Is the West prepared for climate change?

A new report shows most states are vulnerable to future increases in extreme heat, drought, and flooding.

 

Last Saturday, in Paris, 195 of the world’s leaders reached a historic agreement to lower greenhouse gas emissions in an effort to help stave off the most drastic effects of climate change — a momentous shift that will lay the groundwork for climate preparations across the globe. Just a few weeks before the talk began, a new report showed that many Western states are unprepared to face the increasing weather-related risks posed by climate change.

The States at Risk Project is a nationwide report card released last month by ICF International, a consulting firm, and Climate Central, a non-advocacy science and journalism organization. It’s the first-ever comprehensive assessment of threats to each of the 48 states in the continental U.S., such as extreme heat and drought that researchers predict will grow more severe in the future.

Check out your state's status in the interactive map from States at Risk below. Hover over a state to view its grade and toggle between the different threats:

Those findings matter because of the potential damage to human health, property, and the economy. Planning and taking steps to address these inevitable disasters cuts long-term costs, reduces impacts and ensures states and communities can more quickly rebound from losses, rather than continue to write big checks post-disaster.

In assessing those risks, the report’s authors hope to challenge the perceived lack of urgency amongst lawmakers and the general public that has helped thwart the kinds of policies needed to curb emission. Human beings tend to be motivated by relatively short-term concerns, but climate change is a colossal, slow-moving, planetary scale problem — the worst of which will unfold not in our own generation, but in the next one or one after.

“One of the challenges of climate change is to make it personal and not something that’s an abstract long-term concern,” says Richard Wiles, the senior vice president of Climate Central.

To help put climate change in concrete terms, researchers examined five major threats associated with warming global temperatures, using data from the Intergovernmental Panel on Climate Change: extreme heat, drought, wildfires, and inland and coastal flooding. Analysts then assessed how prepared states are to protect people and infrastructure against those risks by looking at what each states has already done in terms of reducing current threats, as well as what states have done to plan for the future.  Those actions were evaluated in five major sectors of the economy, transportation, energy, health, water, communities, as well as states as a whole.

According to the report, states in the West faces some of the greatest threats from climate change. California ranks second in wildfire and inland flooding risk and third in extreme heat. Overall, the report found that extreme heat is the most pervasive threat to the lower 48 states. Heat wave days — which the National Weather Service defines as a period of abnormally and uncomfortably hot and humid weather lasting two or more days — are projected to more than triple by 2050 in every state except Oregon.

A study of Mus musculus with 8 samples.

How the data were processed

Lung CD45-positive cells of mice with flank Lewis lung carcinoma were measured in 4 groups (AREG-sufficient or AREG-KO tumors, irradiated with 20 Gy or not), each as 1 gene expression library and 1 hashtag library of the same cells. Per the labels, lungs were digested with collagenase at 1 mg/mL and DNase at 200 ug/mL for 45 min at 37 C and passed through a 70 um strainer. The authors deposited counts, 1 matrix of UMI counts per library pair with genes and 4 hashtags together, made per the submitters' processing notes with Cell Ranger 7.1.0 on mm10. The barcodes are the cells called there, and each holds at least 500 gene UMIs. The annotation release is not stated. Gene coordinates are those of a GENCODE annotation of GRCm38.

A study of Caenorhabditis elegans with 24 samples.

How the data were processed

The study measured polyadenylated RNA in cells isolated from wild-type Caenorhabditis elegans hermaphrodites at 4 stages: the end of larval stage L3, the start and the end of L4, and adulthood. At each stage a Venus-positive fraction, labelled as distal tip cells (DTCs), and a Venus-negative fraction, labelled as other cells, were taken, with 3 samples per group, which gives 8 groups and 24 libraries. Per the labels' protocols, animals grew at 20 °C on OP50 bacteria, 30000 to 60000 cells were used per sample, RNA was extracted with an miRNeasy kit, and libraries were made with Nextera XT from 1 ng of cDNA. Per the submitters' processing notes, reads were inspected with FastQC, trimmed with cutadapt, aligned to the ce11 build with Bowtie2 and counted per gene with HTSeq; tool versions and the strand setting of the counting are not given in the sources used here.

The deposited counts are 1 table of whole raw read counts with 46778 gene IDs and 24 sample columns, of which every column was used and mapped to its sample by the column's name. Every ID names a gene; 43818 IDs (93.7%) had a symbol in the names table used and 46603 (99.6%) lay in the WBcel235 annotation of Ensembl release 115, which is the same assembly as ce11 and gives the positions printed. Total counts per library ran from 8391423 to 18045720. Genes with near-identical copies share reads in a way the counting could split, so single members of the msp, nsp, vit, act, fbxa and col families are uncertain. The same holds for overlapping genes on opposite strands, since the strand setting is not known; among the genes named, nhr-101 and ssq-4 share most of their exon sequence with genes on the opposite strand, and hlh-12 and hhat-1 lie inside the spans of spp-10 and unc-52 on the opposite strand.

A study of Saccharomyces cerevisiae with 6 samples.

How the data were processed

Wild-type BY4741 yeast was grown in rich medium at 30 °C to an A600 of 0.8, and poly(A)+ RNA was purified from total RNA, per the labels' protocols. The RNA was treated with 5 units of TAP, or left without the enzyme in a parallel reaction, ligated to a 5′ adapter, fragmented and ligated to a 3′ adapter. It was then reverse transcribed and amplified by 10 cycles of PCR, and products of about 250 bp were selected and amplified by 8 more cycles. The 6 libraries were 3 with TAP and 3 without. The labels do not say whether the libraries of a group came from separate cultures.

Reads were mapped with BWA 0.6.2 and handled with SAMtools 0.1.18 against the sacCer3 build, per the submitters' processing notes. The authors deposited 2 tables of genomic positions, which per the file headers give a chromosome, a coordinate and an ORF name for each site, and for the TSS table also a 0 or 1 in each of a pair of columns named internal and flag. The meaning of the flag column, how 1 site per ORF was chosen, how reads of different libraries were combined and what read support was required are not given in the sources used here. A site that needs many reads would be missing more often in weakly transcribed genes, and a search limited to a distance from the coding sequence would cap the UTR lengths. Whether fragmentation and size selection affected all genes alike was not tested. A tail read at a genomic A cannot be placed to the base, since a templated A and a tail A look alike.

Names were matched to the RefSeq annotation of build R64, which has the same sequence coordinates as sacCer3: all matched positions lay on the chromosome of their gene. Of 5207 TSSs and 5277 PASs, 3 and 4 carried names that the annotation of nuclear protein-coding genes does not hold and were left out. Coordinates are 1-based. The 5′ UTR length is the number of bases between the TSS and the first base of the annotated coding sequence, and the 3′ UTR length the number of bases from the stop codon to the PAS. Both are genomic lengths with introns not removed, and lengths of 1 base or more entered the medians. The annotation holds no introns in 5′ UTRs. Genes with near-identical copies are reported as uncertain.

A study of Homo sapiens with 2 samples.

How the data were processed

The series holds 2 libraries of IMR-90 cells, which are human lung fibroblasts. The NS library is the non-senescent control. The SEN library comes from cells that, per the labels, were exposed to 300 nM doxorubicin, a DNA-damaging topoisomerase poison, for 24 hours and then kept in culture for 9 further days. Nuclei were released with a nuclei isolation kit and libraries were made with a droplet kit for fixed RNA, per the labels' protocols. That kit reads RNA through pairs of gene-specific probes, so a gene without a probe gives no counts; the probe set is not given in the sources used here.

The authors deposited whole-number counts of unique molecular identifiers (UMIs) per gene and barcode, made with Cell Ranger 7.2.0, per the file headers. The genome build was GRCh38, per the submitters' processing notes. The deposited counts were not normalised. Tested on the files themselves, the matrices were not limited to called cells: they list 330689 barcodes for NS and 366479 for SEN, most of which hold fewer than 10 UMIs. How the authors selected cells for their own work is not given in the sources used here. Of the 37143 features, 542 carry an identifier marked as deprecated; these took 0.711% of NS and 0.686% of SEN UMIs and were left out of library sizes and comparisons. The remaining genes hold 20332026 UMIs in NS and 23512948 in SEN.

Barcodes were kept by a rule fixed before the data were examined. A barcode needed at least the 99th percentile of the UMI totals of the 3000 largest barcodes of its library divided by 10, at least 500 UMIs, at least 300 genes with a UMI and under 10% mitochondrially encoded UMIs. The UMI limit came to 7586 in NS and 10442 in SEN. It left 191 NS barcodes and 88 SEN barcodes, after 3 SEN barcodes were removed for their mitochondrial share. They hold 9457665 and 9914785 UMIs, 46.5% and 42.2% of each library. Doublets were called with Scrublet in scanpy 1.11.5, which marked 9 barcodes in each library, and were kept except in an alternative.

The West also faces a growing wildfire threat concentrated in California, Arizoa, and Nevada, where wildlands and development converge. Increasing drought is another big concern: by 2050, all eleven Western states are projected to see their summer drought threat more than double and in Washington, the threat level is expected to increase fourfold — the most of any state nationwide.

On the whole, the researchers found that states are prepared for the climate-related risks they face today. But 10-30 years down the road? Not so much. Arizona, for instance, completed a statewide plan in 2013 to help mitigate natural and human-caused disasters and recognizes that climate change could potentially increase some of those risks. But researchers found no evidence of funding, policies or guidelines to improve resilience against climate change-related extreme heat, drought or wildfire. Overall, the state received a C- grade for its preparedness. Neighboring Nevada fared even worse, with an F (the lowest in the West). The state has taken no action to plan for or implement measures for any of its future climate risks.

The lack of readiness for extreme heat days is particularly worrisome because of the direct threat to human health, says Wiles. That’s particularly true for people who work outdoors and those living without air conditioners, which includes the elderly and those living in poverty.

Many states have yet to begin even basic infrastructure planning required to address these future risks, like where to put cooling centers, temporary air-conditioned public spaces set up by local authorities to help people escape the heat. 

Other states that received grades of C+ or lower include Arizona, Utah, Wyoming, Montana, and Idaho. In general, coastal states scored better in their preparedness, with California leading the way with an A grade for its efforts. Those include the 2014 Safeguarding California document, one of the most comprehensive climate change adaptation planning documents in the country.

What also distinguishes California from, say, Arizona is the state’s willingness to explicitly consider climate change in their planning documents. “There’s a subtlety there,” says Kathy Jacobs, who runs the Center for Climate Adaptation Science and Solutions at the University of Arizona and was not involved in writing the report.

“They feel like they’re prepared for the current risks but haven’t used the words climate change or climate risk,” she notes. In the future, as the threats from climate change become ever more pressing, that linguistic omission may be harder to ignore.

Sarah Tory is correspondent for HCN.